The Russian agents who poisoned the Skripals likely stayed in the UK after the attack as ‘sleeper’ agents, espionage experts say

An image of Sergei Skripal under arrest by Russian authorities before he came to Britain.


  • Sergei Skripal left hospital last week after recovering from an assassination attempt.
  • One creepy prospect for the Skripals is that the would-be assassins may still be in the UK, as sleeper agents living undercover as normal people.
  • “An actual ‘illegal’ with an existing, years-long ‘legend’ would attract attention by going missing all of a sudden – i.e. friends, co-workers or neighbours might report a missing person to police,” a Russia intelligence expert tells Business Insider.

LONDON – Former Russian spy Sergei Skripal left hospital last week after recovering from an assassination attempt. Skripal and his daughter were poisoned with a nerve agent at his home in Salisbury in March by Russian spies, British counter-terror authorities have said.

One creepy prospect for the Skripals is that the would-be assassins may still be in the UK, living undercover as normal people, Russian espionage experts say. It’s easy to smuggle people out of Britain. For those of us not in the espionage business, it seems surprising that the attackers would stay in the country rather than escape immediately.

But Russia probably left its agents in place for an extended period after the attack.

Russia probably has more “sleeper” agents living as ordinary British people in the UK right now that during the Cold war, according to Victor Madeira, a senior fellow at The Institute for Statecraft, who testified to Parliament about Russian covert interference in Britain. Russia’s “illegals” program places agents in Western countries where they live apparently normal lives for years, all the while quietly collecting influential contacts. Russia might activate an illegal for a special mission like an assassination. Fifteen people are suspected to have been killed by Russian spies in Britain since 2003. The most recent was Nikolay Glushkov, a vocal Putin critic who predicted his own murder.

Madeira told Business Insider that if a sleeper agent was used in the attempt on Skripal’s life, he or she probably remained in Britain after the attack rather than trying to immediately escape back to Russia.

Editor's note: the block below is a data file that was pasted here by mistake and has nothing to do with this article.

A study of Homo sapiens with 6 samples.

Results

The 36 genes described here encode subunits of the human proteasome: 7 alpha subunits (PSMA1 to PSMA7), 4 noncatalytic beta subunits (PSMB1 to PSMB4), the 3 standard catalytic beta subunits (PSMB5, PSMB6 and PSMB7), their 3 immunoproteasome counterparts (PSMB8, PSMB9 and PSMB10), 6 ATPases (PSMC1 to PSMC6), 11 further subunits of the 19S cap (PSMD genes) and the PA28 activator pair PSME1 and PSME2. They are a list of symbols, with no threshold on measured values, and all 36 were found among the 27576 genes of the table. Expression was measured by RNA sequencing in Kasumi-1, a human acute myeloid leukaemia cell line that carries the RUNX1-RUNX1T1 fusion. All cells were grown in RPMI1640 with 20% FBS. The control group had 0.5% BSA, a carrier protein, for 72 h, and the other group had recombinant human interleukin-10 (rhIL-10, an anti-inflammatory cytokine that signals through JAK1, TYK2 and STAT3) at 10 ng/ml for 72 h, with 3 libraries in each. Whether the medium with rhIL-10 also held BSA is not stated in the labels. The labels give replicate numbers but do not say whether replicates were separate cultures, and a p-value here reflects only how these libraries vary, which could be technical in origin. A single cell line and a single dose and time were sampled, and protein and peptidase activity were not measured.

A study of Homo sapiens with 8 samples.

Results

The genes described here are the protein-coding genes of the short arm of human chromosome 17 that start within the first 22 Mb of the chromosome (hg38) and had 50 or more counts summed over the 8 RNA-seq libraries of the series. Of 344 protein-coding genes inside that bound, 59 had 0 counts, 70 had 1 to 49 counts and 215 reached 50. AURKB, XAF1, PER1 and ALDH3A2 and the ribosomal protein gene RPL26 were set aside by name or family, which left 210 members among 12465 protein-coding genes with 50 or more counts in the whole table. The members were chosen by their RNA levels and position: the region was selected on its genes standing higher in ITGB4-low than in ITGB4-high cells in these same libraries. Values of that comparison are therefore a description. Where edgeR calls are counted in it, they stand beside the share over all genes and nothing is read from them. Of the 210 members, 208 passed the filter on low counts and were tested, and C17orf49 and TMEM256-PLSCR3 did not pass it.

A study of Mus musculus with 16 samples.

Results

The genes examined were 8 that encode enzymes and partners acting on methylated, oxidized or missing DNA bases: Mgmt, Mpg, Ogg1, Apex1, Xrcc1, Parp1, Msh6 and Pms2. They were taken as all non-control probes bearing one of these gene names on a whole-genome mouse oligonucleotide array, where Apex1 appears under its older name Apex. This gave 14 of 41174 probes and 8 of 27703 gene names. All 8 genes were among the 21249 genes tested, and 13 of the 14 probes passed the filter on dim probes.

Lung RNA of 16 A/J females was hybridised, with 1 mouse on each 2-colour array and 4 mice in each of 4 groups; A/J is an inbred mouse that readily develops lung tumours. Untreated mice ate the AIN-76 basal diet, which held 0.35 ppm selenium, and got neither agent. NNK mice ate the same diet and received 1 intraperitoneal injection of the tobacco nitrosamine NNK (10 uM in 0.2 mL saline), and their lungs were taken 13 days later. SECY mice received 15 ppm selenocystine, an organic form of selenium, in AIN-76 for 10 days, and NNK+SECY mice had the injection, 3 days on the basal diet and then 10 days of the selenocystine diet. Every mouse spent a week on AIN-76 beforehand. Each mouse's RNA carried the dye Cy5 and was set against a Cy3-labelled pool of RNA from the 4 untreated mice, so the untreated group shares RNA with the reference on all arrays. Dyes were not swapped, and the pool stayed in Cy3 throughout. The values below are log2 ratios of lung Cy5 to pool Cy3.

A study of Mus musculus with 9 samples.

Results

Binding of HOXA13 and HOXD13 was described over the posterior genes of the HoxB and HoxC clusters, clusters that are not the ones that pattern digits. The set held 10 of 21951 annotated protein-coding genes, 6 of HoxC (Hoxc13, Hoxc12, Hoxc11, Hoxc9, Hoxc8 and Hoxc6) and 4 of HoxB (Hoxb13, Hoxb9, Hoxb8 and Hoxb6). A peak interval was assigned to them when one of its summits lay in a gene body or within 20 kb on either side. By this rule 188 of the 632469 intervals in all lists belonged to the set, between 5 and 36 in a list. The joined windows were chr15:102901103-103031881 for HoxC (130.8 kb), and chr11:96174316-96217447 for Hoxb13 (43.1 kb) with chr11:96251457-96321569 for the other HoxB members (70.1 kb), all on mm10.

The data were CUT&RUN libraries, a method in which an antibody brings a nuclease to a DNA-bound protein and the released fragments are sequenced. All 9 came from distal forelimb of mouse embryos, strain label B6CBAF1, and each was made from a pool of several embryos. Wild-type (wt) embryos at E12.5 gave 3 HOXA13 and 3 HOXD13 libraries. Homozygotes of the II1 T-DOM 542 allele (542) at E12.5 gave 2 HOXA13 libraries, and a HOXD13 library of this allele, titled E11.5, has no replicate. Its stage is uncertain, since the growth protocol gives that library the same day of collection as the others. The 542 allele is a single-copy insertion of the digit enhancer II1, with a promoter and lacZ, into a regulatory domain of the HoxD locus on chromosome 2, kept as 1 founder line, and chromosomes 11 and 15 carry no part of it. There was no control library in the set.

Victor Madeira, a senior fellow at The Institute for Statecraft.


“Why leave someone here, at risk of detection, after such a high-profile attack?” he told Business Insider. “I can only think of two scenarios where that might happen:”

  • “An actual ‘illegal’ with an existing, years-long ‘legend’ would attract attention by going missing all of a sudden – i.e. friends, co-workers or neighbours might report a missing person to police, who might then put two and two together and tie that person to the Skripal attack. Better to keep him/her in place, living a mundane life again, their role in this operation now concluded.”
  • “Someone who isn’t an ‘illegal’ in the strictest sense of the word, but for now having to stay in hiding in the UK until things settle down a bit. Perhaps with a new set of ID papers, s(he) can eventually look to exit the country via a quieter, lower-profile exit point.”

Obviously, we cannot know exactly what the operative did after the attack. The Mirror reported in April that one suspect has flown back to Russia. Earlier that month, the Mirror’s source speculated that the sleeper agent would still be in the UK, ready for another mission. “Unless it were an absolute emergency and the operative had to chance a ‘crash escape’, this exit point would normally be carefully picked based on e.g. the set of ID papers available, the person’s appearance and overall profile, history in the UK if checked by the Border Force, how tight border controls were assessed to be at that exit point, etc.,” Madeira told Business Insider.